In the spirit of previous work in abstract algebra, I have, erm, *adapted* another nursery rhyme.

After all, the songs are so common and commonly known; why not update them with some definite content?

To the tune of “Mary had a little lamb” (with no disrespect to the original, which seems to be an endearing story of an actual lamb), a discussion of Noether’s theorem.

If you haven’t heard of Noether’s theorem, it is very nice. (It should be distinguished from several other theorems of Emmy Noether, and indeed other mathematical Noethers.)

Roughly speaking, Noether’s theorem states that whenever a physical system has a nice symmetry, there is always some numerical quantity which is conserved along with it.

For instance, if a physical system is invariant under translation, then there is a conserved quantity associated to it, known as *momentum*. (And there are translations in three independent directions in space, so there are three components of momentum which are conserved. In other words, momentum as a vector quantity is conserved.) Similarly, if it’s invariant under rotations, then there is a conserved quantity known as *angular momentum*. Invariant under moving forward and backward in time — a conserved quantity known as *energy*. And so on.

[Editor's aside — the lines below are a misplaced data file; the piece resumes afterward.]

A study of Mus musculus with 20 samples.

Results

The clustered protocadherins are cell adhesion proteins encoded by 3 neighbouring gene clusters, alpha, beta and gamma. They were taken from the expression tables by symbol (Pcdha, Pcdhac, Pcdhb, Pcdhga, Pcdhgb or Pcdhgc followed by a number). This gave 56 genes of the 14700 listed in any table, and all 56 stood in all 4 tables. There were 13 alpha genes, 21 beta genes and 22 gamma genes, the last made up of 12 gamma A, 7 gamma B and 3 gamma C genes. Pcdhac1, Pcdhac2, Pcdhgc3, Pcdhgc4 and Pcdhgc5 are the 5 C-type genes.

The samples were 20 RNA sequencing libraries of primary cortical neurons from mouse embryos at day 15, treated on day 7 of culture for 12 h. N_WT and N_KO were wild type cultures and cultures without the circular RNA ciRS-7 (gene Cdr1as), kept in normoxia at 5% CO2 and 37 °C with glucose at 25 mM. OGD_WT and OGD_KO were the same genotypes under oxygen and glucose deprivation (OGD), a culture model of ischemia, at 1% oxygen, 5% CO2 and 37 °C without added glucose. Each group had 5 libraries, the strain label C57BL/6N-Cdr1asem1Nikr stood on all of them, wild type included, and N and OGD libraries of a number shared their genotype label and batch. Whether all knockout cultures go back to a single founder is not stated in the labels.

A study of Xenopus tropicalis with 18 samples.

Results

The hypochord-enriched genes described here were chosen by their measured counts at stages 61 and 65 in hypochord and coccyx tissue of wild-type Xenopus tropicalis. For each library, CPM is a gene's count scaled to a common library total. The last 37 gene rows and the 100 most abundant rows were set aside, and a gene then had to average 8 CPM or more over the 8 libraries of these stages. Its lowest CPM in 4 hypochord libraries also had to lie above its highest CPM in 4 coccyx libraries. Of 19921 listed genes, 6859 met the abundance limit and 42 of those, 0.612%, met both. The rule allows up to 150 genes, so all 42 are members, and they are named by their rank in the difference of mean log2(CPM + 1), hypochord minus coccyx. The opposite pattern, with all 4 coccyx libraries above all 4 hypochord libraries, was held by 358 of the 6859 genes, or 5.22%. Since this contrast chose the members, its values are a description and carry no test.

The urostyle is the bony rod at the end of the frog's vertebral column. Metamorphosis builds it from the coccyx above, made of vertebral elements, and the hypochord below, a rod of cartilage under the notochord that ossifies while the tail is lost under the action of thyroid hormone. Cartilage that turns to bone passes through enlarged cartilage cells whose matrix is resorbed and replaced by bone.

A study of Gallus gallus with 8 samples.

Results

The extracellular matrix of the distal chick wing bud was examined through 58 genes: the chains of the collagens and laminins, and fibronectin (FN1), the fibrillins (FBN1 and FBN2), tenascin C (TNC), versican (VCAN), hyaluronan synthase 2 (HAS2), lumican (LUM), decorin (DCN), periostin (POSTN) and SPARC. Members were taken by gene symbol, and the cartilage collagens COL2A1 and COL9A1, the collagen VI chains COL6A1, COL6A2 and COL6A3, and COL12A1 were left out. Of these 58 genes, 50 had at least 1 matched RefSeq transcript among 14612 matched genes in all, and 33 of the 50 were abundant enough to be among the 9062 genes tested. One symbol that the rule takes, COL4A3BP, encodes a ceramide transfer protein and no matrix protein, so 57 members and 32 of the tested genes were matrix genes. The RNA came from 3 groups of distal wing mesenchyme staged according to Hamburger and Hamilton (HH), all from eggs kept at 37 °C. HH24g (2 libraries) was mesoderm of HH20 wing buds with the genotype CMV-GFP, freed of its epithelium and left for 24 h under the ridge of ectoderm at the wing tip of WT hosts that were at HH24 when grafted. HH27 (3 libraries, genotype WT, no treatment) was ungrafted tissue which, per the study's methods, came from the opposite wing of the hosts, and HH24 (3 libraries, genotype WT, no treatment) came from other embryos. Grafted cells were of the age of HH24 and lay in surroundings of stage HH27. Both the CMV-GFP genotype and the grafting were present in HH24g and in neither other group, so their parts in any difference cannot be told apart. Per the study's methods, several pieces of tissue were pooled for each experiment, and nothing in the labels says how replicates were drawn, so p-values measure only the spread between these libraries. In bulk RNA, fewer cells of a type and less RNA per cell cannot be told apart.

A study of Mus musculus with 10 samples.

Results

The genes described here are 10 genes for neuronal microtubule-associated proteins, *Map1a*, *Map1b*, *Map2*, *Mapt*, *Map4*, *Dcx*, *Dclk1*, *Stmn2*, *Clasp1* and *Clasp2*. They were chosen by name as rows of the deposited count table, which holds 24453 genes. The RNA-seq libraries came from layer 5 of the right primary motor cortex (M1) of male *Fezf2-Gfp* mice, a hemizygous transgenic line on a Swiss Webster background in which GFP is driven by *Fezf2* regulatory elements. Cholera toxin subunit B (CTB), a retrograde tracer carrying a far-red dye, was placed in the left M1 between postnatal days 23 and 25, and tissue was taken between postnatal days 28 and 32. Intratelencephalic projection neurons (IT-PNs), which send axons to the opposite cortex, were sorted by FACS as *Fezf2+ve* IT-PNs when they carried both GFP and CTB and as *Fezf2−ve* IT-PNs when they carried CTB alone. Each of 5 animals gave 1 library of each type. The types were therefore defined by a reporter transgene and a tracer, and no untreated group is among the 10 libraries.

This is not very precise, and there are different ways of formulating it, and of course physicists and mathematicians have different perspectives about it — as well as the level of mathematical precision and rigour with which it should be stated and understood.

The wikipedia page, at least at the time of writing, has a very physics-oriented discussion, which would offend many mathematicians’ sensibilities — certainly including my own. The nicest mathematical formulation uses symplectic geometry, and hence some fairly serious prerequisite knowledge, well beyond the Australian undergraduate curriculum. (Unless you take an undergraduate research unit with me at Monash, perhaps!)

A good discussion may be found in the lecture notes of Ana Cannas da Silva, available online here. Once enough machinery is developed to state the principle cleanly (um, in section 24 on page 147…), the theorem is proved in a leisurely half a dozen lines.

Anyway, less talk, more nursery rhymes!

Emmy had a theorem,

theorem, theorem

Emmy had a theorem

Its proof was clear as day.

Everywhere a symmetry,

symmetry, symmetry

Everywhere a symmetry

A conserved quantity.

Nice one. Somewhere I heard “Old Macdonald had a form e_i\wedge e_i=0” (the equals is silent). Can’t remember the rest, maybe you could fill it in with some good symplectic stuff.

That is super fantastic. I never realised Old Macdonald was so symplectic!